When creating a traditional business plan, managers are considering a 3-5 year horizon. This is far too long when it comes to digital, that is your website, CRM, social media etc. The pace of innovation and change in the digital world is far too fast for specific long term planning. What is new and cutting edge today could be obsolete or passe within a year!
This fast paced change can be worrying to managers and the c-suite. In the face of this worry, managers need to resist the urge to tighten controls and plan with great specificity. Instead, a framework that allows for flexibility and frequent assessment of new tools and tech should be formed. Every organization is different of course, but the following will help get the ball rolling.
1. Define Your Goals
The first step for preparing any sort of strategy is to define the goals you wish to achieve. Why is it that you are taking on this project or work? Be careful not to lose sight of the forest for the trees though. Keep the goals focused on business outcomes, not on specific tools or tech. For example:
Instead of “Increasing Twitter Followers by 50%”, you’d be better served with “Increase impressions of our content marketing by 50%”.
Well, your goal isn’t really to conquer Twitter. It’s to have more customers engaged with your content and brand managers. If your customers aren’t on Twitter, why focus your attention there? Perhaps Pinterest or Facebook are better venues for your social media efforts. You won’t know if you set a goal based on Twitter.
2. Review Current Strategy
Take a look at what you are currently doing, and determine if it is meeting your new goals. Identify what isn’t meeting the goals and why.
If your goals are being met by your current strategy, great! But that doesn’t mean you are done. Don’t skip Steps 3-5 here!
This step isn’t as simple as it looks though. It is easy to get used to something and become blind to it. Like that squeaky chair leg, or sticky lock that you have to turn just so. Sometimes, you need an fresh set of eyes, and a second opinion. While not right for every situation, having a consultant perform a Business Review of your digital strategy can really help put things in perspective.
3. Think Beyond the Screen
It’s really easy to get caught up with creating an awesome website, or perfecting a haiku for Twitter. Don’t forget about the customers overall experience though. What happens after they buy a product from your website?
Customers experience your service as whole, not as separate chunks. If they can order your product in 30 seconds, but it doesn’t get processed at the ware house for 30 days, do you think they will be pleased?
It is during this step that you need to analyse the inputs and outputs of your digital tools, and ensure that they are relevant and working together as seamlessly as possible.
4. Choose Your Tools
This is my favourite part! I just love learning about new digital tools. And there are a lot of them. So many in fact, that you can’t review all of your options. The silver lining here is that there is almost always the perfect tool for you out there. You just have to find it.
That means you should never build a process to accommodate your tools. If there is customer service issue and you find yourself saying “The computer won’t let you do that.” then you are using the wrong tool.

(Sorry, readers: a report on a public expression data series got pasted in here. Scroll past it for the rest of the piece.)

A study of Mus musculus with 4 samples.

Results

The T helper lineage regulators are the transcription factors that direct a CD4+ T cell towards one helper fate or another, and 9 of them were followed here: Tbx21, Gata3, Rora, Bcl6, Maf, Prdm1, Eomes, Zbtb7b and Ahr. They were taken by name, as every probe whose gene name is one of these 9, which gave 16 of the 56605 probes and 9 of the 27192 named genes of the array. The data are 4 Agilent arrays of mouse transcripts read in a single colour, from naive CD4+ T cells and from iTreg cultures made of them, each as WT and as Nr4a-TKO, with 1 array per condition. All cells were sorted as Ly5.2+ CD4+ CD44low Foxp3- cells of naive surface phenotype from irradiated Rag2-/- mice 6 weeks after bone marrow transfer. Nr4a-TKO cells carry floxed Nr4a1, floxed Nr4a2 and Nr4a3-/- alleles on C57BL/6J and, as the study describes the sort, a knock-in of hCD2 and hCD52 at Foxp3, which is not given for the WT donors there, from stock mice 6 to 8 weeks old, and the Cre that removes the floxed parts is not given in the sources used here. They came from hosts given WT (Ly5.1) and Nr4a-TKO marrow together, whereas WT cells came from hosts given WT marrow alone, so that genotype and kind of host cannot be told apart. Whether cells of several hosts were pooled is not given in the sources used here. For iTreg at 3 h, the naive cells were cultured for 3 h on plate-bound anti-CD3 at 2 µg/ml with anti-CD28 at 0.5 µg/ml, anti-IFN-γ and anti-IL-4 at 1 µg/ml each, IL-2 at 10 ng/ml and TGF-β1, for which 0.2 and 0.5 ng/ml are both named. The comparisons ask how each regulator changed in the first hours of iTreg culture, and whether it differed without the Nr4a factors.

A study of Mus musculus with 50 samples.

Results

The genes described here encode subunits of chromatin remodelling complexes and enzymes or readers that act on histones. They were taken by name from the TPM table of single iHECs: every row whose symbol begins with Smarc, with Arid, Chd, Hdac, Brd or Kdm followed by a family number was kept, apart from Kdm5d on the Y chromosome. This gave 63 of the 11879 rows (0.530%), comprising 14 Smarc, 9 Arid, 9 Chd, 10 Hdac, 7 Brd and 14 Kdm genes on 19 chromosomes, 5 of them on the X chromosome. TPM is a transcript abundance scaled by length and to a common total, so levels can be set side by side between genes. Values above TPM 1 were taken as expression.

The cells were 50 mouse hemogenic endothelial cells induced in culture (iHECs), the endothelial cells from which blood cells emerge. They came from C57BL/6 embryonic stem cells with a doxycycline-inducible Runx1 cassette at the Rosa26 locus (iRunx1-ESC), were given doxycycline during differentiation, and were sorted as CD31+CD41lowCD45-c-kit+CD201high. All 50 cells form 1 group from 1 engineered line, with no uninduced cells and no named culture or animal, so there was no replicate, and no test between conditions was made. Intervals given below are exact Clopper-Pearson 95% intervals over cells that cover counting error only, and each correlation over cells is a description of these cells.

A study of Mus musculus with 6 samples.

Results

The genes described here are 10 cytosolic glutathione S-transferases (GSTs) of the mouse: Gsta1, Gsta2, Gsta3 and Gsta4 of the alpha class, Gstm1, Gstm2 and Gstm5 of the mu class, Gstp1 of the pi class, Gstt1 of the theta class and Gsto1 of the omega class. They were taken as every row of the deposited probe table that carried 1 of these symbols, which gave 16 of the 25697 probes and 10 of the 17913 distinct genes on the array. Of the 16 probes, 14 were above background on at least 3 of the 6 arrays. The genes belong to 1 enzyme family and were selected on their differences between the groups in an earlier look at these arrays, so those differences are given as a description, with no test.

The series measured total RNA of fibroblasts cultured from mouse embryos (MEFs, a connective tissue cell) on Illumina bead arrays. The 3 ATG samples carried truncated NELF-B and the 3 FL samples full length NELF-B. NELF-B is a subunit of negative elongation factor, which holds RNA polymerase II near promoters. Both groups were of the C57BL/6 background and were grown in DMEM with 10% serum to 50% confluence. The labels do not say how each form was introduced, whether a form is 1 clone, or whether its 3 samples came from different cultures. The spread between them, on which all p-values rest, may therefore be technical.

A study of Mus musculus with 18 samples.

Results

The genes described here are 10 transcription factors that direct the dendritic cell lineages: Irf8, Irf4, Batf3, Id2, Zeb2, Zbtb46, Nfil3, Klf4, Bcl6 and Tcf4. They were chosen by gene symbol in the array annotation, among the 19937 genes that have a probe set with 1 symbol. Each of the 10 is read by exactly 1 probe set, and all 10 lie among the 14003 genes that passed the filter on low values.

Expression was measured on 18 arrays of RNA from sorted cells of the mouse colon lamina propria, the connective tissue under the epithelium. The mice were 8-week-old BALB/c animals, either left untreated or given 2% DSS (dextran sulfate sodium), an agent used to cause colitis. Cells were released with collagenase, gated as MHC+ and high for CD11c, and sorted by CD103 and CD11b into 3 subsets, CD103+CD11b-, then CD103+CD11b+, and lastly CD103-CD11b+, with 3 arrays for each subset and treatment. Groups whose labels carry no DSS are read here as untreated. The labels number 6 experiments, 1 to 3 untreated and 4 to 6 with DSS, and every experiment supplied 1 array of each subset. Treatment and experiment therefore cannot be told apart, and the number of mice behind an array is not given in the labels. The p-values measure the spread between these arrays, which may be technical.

This is also the step to choose things like social media platforms. Don’t try to be active on all of them. Not only is that impossible for the average business, but it is also a waste of time. Find the places where your customers are and focus your attention there.
Also take time to review the people who are using your tools. I don’t mean to de-humanize your team, but they do have to be the right people in the right job. Just like you don’t want “The computer says no!” you’re going to need developers who are up to speed with current technologies, and a social media manager that has a Facebook account. If your people don’t have the skills, get them some training and development time. If that won’t work, consider changing their role or position on the team. Letting someone go because they don’t know a new tool should be a last resort.
5. Take Time to Re-evaluate
Things are now looking good. You’ve got a plan, the tools you need, and the people who know how to use them. But there’s one thing left before you set them loose to execute. Set a time to reassess your goals, tools and team.
New tools are released every day. Google changes is search algorithm many times a year. Social networks come into and go out of fashion. There’s no sense in keeping up your Geo Cities site, and if your newest product must be picked up in person, perhaps your online store isn’t as important as it was last year, or maybe it’s more important.
The point is, the rate of change when it comes to digital far outstrips traditional planning cycles. You need to come back to these issues often, say every 6 months. That doesn’t mean you will need an entirely new Digital Strategy twice a year, but you do need to consider your goals and the tools and team used to accomplish them, even if briefly.
With this framework in place, and a commitment to an ongoing examination of the digital landscape, your organization will have the agility to avoid being left behind online.